Gary Brown: Stuffing yourself at Thanksgiving dinner
Eating Thanksgiving dinner in the 1950s and 1960s at the home of Aunt Jessie and Uncle Frank was where I discovered how to stuff myself silly.
It’s probably instinctive. But, I still worked at effectively eating Thanksgiving dinner for years and learned valuable plate-loading techniques by watching such family members as my Uncle Leon. He always seemed pretty hungry.
Technically, Uncle Frank and Uncle Leon were great-uncles and Aunt Jessie was a great-aunt — on my mother’s side of the family, where having large numbers of side dishes was a value in life.
And Uncle George, another healthy eater who mentored me at meals, was really some kind of a great-cousin. I was never sure exactly how I was related to him, but he usually let me have the turkey leg even if he passed the meat dish first. So, I liked him a lot.
I remember the first time I sat down at Aunt Jessie’s and Uncle Frank’s Thanksgiving dinner table, which sort of seemed to sag from the weight of the bounty for which we were thankful and said so — as quickly as possible, of course, so it all wouldn’t get cold.
“Is somebody else coming?” I remember asking Aunt Jessie.
“No, honey, it’s all for us, so fill your plate,” she answered.
In this age of healthful eating habits and frequent class-action suits, I don’t think aunts, great or otherwise, legally are allowed to say that to children. So, I’m sorry all you young people missed out on a truly historic era in eating abandon.
Allow me to pass on to the inexperienced the knowledge I have gained from growing up as a glutton.
An overall piece of advice is to not be timid about how much you pile on. Nobody’s watching, except maybe mom, and she’ll probably forget to yell at you for eating so much by the time you get home.
Let things touch each other on your plate. They’re going to slop together sooner or later. You might even want to pile your plate in layers. Slices of turkey form a pretty good base for mashed potatoes, saving a good quarter of your plate for side dishes. And don’t worry where the gravy flows.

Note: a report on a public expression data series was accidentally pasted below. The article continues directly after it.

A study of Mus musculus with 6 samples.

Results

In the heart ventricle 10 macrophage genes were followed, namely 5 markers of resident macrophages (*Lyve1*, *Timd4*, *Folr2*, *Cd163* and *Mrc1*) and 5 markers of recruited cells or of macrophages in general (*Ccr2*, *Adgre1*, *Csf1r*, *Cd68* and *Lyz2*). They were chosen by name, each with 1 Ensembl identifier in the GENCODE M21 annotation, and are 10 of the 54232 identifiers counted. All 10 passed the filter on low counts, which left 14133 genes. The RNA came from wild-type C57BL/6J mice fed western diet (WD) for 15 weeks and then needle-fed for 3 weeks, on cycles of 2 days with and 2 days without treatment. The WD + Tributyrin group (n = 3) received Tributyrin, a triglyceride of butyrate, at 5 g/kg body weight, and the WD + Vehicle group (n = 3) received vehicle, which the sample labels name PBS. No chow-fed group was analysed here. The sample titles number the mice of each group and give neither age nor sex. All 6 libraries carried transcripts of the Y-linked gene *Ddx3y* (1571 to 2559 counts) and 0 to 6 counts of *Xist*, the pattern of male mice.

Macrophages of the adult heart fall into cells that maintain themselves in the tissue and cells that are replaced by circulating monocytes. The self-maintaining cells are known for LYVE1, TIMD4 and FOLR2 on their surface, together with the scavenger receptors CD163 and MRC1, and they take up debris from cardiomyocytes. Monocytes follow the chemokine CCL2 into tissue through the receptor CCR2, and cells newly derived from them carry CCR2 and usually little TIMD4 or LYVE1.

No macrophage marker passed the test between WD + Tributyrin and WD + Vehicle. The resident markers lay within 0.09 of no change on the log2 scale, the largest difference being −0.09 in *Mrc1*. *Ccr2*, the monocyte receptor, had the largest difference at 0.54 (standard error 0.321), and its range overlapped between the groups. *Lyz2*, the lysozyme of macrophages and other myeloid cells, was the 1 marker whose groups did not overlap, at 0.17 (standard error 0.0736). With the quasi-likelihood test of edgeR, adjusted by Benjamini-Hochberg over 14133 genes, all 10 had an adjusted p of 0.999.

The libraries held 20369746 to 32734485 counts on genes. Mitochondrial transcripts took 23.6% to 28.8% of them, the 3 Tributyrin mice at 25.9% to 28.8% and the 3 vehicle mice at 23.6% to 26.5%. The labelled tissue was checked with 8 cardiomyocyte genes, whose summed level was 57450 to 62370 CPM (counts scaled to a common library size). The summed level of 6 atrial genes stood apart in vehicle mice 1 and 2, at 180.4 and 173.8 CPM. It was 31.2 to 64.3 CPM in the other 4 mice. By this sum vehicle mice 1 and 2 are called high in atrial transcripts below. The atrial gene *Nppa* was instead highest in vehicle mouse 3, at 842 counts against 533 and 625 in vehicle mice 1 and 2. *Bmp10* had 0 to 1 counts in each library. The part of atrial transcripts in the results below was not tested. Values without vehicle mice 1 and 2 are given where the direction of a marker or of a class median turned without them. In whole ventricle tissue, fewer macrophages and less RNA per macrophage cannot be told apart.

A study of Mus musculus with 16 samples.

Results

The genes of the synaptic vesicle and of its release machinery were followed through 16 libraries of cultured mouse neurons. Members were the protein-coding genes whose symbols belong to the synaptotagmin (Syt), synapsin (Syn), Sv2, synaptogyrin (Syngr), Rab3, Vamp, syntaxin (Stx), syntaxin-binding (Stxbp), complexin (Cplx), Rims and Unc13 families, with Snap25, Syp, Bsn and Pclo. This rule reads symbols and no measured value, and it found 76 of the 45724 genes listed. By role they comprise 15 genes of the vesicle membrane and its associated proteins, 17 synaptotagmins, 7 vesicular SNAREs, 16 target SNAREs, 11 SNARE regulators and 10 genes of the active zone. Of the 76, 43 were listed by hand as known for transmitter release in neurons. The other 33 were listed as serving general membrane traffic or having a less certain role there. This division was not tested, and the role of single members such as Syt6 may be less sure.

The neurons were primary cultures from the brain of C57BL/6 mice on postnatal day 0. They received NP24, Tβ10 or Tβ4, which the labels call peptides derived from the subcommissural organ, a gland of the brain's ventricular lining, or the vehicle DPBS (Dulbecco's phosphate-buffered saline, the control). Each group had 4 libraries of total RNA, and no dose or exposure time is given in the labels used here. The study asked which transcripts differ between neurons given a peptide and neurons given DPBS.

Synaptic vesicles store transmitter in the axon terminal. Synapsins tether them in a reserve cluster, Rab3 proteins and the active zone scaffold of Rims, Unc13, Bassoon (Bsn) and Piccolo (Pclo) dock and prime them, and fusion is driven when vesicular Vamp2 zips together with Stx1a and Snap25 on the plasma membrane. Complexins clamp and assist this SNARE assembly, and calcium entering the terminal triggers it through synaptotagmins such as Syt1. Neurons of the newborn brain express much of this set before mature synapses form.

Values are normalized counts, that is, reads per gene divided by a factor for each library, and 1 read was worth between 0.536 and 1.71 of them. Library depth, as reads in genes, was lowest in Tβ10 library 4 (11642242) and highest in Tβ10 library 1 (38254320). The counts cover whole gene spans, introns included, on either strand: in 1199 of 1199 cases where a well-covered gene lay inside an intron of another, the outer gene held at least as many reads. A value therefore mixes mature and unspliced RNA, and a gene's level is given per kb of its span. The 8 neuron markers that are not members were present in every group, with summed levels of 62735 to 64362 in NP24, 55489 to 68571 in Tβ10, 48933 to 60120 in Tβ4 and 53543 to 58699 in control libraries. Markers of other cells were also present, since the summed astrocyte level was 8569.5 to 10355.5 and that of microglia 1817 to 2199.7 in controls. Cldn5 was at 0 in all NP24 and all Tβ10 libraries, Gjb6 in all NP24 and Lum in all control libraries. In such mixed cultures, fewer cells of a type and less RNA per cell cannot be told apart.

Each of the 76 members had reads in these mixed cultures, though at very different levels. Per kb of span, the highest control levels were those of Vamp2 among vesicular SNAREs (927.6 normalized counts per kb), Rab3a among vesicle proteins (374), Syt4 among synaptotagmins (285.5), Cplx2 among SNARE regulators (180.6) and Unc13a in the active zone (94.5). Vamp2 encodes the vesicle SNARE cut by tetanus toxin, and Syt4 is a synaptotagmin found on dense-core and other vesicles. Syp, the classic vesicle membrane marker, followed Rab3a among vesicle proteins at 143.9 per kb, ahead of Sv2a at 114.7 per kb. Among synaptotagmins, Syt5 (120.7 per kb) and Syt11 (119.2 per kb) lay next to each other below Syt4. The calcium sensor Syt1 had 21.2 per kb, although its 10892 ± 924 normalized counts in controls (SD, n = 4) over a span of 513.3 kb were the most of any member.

When choosing from among the multitude of side dishes, gather similar dishes. If two relatives both bring green beans, mix them together in a higher pile, and make a peak of peas or corn if you can balance it.
Forget the cranberry sauce. It just takes up space and slows down your real eating.
Always go back for seconds. People who offer them apparently overlook that you made a pig out of yourself the first plate.
Never leave room for pie. Things will settle. Do remember that a “taste” of each of the pumpkin, apple, and mincemeat pies will, when combined, be bigger than any single piece.
Time to eat
Thanksgiving dinner always was an enjoyable meal. Sure, it made most of my family waddle a little. But, it was fun to wait to giggle at the first uncle who leaned back in his chair, patted his stomach, and said those immortal words, “I can’t eat another thing ... what’s for dessert?”
The rest of the afternoon also was memorable. During the football games on television that followed the meal, if a kid whispered helplessly into Aunt Jessie’s ear, maybe with a raspiness that she mistook for thirst, she would serve bottles of Squirt citrus pop, Hires root beer and orange Crush.
This was a cherished Thanksgiving tradition and a step up from Kool-Aid for the special holiday celebration.
Contact Gary Brown at email@example.com.